Travel: Malibu Meets the Mediterranean in Sifnos & Mykonos


At first I thought it was a star dropping strangely low but no, it was something just slightly less celestial. The lone twinkling light, ink black all above, black velvet below, belonged to a monastery clinging to a mountaintop that soars like a skyscraper over Kamares, the small port of the Greek island of Sifnos. This was the sight that greeted me as I arrived at nightfall at the charming Hotel Nymfes (nymfes.gr), named for the long-haired nymphs that by legend once frolicked along with Artemis in Sifnian fairy-caves and island springs.

Scarlett Johansson has frolicked here too, and Tom Hanks—both of whom have found culinary succor in this gastronome’s paradise. One highlight among the many casual chic spots is seaside Omega3, where wine doesn’t have to come with your boat-fresh fish, but should. Sifnos is synonymous with sophistication, and manages to combine rustic charm with Cycladic beauty to singularly enjoyable effect. In ancient times it was a wealthy island, thanks to its gold and silver mines (particularly between the eighth and fifth centuries B.C.) while today it’s a magnet for a well-heeled Athenian and international crowd—although you needn’t spend a fortune to savor the best of what this Aegean island has to offer. And that includes, but is not limited to “the emotive combination of the wild rocks, the blue color of the sea, the snow-white houses with the traditional earthen chimneys, the stone walls, the blue vaults of the churches, the hilltop monasteries, the 100 kilometers of nature paths and the wonderful beaches.” So says the Sifnos municipality (visit sifnos.gr) and the interesting thing is, they’re right. This one little island packs in a whole lot of quintessential Mediterranean landscapes and experiences. 

The Sifnian reputation for high caliber cuisine is well-deserved. Wild capers grow in abundance and find their way into delicious caper salads. Chickpea croquettes and hearty chickpea soup are mainstays, as are the traditional manoura and sour skim milk cheeses and thyme honey. Cooking meats in clay pots made by Sifnos ceramicists is also a tradition, and you can expect to taste the results of centuries-old culinary customs everywhere from the simplest taverna to the splashiest restaurant.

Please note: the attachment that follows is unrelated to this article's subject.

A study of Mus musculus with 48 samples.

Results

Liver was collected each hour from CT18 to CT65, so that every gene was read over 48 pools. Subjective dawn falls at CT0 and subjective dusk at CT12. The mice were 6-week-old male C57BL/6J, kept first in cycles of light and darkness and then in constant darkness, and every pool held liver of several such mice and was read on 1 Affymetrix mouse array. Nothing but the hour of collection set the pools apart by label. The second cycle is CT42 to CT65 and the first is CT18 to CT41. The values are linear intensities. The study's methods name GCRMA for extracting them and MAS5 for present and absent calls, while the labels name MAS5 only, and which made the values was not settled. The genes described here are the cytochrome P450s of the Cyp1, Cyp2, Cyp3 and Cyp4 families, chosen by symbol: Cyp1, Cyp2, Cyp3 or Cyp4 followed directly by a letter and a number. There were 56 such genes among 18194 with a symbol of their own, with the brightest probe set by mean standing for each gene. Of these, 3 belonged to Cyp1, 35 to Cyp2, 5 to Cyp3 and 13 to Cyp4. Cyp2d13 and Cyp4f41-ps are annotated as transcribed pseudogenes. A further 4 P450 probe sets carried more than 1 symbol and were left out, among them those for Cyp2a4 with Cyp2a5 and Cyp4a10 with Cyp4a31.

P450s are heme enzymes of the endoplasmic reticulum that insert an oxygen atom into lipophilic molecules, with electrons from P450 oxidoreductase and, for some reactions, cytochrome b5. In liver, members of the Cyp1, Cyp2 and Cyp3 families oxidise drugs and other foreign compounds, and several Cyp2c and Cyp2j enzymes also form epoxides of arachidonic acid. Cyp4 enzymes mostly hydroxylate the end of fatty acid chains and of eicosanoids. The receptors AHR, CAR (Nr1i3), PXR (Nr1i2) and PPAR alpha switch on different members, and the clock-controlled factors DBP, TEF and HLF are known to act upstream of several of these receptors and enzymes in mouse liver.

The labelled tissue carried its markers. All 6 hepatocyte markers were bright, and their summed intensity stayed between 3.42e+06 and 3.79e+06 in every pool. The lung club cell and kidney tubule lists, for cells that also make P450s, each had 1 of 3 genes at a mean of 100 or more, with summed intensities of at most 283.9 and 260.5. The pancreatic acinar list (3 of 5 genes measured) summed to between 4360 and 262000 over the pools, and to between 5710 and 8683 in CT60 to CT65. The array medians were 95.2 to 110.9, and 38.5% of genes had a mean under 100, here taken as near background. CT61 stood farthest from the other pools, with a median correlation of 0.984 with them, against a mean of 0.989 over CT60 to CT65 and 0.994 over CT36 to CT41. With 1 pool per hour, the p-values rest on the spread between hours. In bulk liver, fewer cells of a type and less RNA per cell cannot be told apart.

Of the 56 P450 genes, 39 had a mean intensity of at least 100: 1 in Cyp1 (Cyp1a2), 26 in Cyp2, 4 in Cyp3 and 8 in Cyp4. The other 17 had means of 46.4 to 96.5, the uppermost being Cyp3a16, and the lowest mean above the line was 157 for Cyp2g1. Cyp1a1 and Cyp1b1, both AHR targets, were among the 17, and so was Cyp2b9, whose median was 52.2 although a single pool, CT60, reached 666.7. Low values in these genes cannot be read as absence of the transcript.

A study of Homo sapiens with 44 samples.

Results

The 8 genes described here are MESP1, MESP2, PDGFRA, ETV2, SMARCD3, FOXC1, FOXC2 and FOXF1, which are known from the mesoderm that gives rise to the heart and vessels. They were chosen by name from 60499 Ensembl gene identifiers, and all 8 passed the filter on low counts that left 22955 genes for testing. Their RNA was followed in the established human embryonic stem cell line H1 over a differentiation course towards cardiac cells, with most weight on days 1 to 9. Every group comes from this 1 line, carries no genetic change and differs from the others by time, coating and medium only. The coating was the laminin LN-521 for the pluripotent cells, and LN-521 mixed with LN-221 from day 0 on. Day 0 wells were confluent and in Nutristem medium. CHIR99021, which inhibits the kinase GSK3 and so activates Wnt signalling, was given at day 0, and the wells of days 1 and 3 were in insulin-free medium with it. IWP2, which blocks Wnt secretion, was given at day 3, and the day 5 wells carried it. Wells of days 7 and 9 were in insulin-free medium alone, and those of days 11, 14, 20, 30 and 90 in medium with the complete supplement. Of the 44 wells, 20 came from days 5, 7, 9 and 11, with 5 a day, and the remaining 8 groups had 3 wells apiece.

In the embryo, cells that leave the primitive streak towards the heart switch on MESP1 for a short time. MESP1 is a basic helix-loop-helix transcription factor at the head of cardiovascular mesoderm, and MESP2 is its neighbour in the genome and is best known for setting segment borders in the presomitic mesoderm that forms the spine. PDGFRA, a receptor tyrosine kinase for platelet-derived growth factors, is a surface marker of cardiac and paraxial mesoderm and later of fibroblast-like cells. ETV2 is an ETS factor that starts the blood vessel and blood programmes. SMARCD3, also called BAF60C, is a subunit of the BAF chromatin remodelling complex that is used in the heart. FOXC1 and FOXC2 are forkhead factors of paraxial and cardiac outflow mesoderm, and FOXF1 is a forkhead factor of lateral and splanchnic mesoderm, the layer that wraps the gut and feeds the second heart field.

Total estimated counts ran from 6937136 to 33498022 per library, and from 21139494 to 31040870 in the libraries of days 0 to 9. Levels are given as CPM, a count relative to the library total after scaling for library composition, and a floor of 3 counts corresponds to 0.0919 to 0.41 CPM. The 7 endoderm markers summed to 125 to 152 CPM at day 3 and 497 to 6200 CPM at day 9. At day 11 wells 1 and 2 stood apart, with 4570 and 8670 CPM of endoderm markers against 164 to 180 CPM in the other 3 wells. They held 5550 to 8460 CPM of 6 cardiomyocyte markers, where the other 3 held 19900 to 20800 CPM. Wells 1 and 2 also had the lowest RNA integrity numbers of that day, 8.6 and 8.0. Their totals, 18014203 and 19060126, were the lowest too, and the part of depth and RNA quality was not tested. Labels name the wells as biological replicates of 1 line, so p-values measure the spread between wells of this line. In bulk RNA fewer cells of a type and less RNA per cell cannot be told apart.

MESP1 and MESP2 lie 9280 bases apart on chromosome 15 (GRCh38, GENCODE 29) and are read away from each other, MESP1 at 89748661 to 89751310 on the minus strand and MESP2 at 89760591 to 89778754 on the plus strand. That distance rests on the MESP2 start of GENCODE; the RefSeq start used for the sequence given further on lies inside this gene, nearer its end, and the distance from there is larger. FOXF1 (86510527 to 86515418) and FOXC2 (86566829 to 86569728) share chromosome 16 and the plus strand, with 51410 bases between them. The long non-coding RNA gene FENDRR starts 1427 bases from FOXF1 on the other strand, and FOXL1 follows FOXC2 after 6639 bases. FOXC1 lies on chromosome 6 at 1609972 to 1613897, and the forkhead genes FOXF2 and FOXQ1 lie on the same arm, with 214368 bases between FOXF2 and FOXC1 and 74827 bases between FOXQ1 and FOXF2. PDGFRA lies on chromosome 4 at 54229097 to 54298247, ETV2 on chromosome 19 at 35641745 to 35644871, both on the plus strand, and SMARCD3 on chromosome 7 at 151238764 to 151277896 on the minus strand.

One such table is actually a spectacular al fresco compound called Rabagas, in the chic hilltop town of Apollonia, which happens to be the island’s capital. The breadth of the menu, which is presented as a “food catalogue” in the form of a stylized vintage Greek newspaper, is stunning: Consider these offerings: tomato fritters with yogurt and mint sauce, Sifnos chick peas cooked in a clay pot with smoked herring, char-grilled octopus with fava from Santorini, caramelized onions, capers and cherry tomatoes—and those are just some of the starters.

Beaches: Sifnos has plenty of them, and I recommend renting a car to be able to find them and come and go as you please. You can pick up a great automatic car by the port at El Mar Sifnos MotoCar, offering friendly staff and good rates (elmar-sifnos.gr). Another good hotel option in Kamares port is Sifnos House (sifnoshouse.com), with breezy rooms and a spa for which you needn’t be a hotel guest to book a massage or beauty treatment. The Omega3 fish and wine is at the beach of Platis Gialos, on the island’s southern shore; go for the food and the atmosphere. But if you want to see a seriously spectacular beach and you’re feeling a bit more adventurous, drive to the north in the direction of Heronissos, making a detour at a spot called Vroulidia. The road to get to the pebble beach is intermittently terrifying and mostly unpaved but, oh boy, once you arrive, the cliffs plunging into the turquoise waters will take your breath away. After a swim, eat at Katerina’s Taverna, right by the water. Most ingredients come from the family farm, and you will eat inexpensively and very, very well. 

Sifnos is the kind of place where you go to enjoy a slower pace. If you do want to kick things up a notch, there’s Mykonos, an island that more than ever lives up to its hype and has replaced Ibiza as the place to flaunt it come summertime in Europe. Whatever mood you’re in, and whichever modern tribe you like to call your own, there’s room for you at the 24-hour party that is Mykonos. While the island is not the best place to be bashful or to get in touch with your inner self, it can be nice to have a hideaway retreat from the buzzy scene. Among private villa options, my recommendation is Mykonian Spirit, a trio of villas that are at once super chic and secluded but close to all the action, too. Add promo code MYKOBU when booking directly at mykonianspirit.com to receive a 10 percent discount on best available rates.

Now, if you’re Tom Hanks you might have a yacht to island hop, but I doubt any star’s catered muffins are as fresh and tasty as the ones served at the Flocafe on board Seajets. Sifnos is only two-and-a-half hours from Athens (port of Piraeus) on one of the modern, speedy Seajets vessels. Book a seat in Club Class to be on the upper deck (it’s enclosed) for better views and a bit more room to roam, plus top drawer coffees and an impressive range of fresh baked goods, including toothsome chocolate chip cookies, to make your Aegean journey an even sweeter treat. Visit seajets.gr.